There has been little public discussion between the major political parties during the current UK General Election  campaign about the detail of the latest version of the proposed Withdrawal Agreement, approved at negotiators' level on 17th October 2019.

In recent days, however, there has been a renewed focus on the real significance of the revised Northern Ireland Protocol, which is probably the core document of the proposed revised Withdrawal Agreement.

A leaked Government document, which has been publicised by the Labour Party, allegedly suggests that there will need to be some checks on goods entering Northern Ireland from Great Britain, presumably to establish whether they are onward bound to Ireland or other parts of the EU. The UK Government in its response appears to be focusing on the fact that there will be no checks on goods moving in the other direction from Northern Ireland to Great Britain.

The Democratic Unionist Party (DUP), speaking through its leader, Arlene Foster, has always made it clear that it rejects the idea of an internal customs border between Northern Ireland and  Great Britain effectively running down the Irish sea. The DUP clearly considers that there is such a border, in all but name, and hence opposes the proposed revised Withdrawal Agreement , which they feel provides fir it.

The current Conservative UK Government says that that there is no such border  and cites Article 4 of the revised Northern Ireland Protocol which states in unequivocal terms:-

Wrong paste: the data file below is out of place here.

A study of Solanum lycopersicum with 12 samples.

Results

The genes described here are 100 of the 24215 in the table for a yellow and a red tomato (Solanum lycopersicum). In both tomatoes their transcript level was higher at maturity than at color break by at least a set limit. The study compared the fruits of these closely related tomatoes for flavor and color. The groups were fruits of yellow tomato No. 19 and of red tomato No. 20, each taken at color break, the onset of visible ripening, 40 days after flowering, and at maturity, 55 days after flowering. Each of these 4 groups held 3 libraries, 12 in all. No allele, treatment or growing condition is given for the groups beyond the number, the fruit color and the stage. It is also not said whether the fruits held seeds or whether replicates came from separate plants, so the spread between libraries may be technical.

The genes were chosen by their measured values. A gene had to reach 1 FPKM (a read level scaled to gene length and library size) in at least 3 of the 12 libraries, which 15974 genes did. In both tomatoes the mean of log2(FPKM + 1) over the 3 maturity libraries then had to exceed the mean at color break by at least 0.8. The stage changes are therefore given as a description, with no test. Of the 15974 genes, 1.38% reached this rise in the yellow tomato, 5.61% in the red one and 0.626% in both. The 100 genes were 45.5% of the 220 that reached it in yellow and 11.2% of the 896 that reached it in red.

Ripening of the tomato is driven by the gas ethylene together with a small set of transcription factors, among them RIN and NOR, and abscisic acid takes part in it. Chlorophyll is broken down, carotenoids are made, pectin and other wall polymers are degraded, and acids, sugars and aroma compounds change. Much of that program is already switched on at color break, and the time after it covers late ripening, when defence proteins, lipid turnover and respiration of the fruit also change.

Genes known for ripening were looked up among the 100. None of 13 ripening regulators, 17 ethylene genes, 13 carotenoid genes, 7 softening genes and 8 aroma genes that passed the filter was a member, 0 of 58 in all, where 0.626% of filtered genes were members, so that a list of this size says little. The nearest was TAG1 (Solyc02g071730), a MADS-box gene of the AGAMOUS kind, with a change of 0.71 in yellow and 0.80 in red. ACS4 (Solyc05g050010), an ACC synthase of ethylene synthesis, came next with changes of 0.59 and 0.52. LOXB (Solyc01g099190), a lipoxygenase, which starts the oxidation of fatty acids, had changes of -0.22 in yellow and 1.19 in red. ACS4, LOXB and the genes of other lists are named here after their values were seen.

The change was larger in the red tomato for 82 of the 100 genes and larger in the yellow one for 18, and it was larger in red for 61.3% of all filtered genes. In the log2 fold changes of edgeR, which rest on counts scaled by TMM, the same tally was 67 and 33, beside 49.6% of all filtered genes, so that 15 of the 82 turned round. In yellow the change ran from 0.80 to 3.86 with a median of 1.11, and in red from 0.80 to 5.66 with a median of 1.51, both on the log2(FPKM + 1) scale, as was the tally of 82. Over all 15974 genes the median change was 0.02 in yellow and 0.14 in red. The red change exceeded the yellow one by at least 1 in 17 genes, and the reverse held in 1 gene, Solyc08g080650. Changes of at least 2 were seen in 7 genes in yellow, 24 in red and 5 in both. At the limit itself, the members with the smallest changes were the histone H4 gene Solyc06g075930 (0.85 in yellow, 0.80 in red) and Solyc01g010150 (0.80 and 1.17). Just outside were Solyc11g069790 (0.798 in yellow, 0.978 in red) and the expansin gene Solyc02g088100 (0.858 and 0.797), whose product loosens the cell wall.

"Northern Ireland is part of the customs territory of the United Kingdom."

It is undoubtedly the case, however, that some aspects of EU law would continue to apply in Northern Ireland under the terms of the proposed revised Withdrawal Agreement  and Article 5 paragraph 1 does state:-

"No customs duties shall be payable for a good brought into Northern Ireland from another part of the United Kingdom by direct transport... unless that good is at risk of subsequently being moved into the [EU] , whether by itself or forming part of another good following processing."

There is , however, no express reciprocal provision dealing with the transfer of goods the other way, from Northern Ireland to Great Britain  -  perhaps there does not need to be, because  so the argument goes) Northern Ireland and Great Britain are both part of the United Kingdom anyway, which is a sovereign state and in relation to which the transfer of goods within its borders is an internal matter and not a proper subject for treaty legislation. 

The technicalities of the proposed revised Withdrawal Agreement are not an easy subject for political sound-bites in a heavily contested political campaign but may come back into the public foreground once the  UK General Election is out of the way.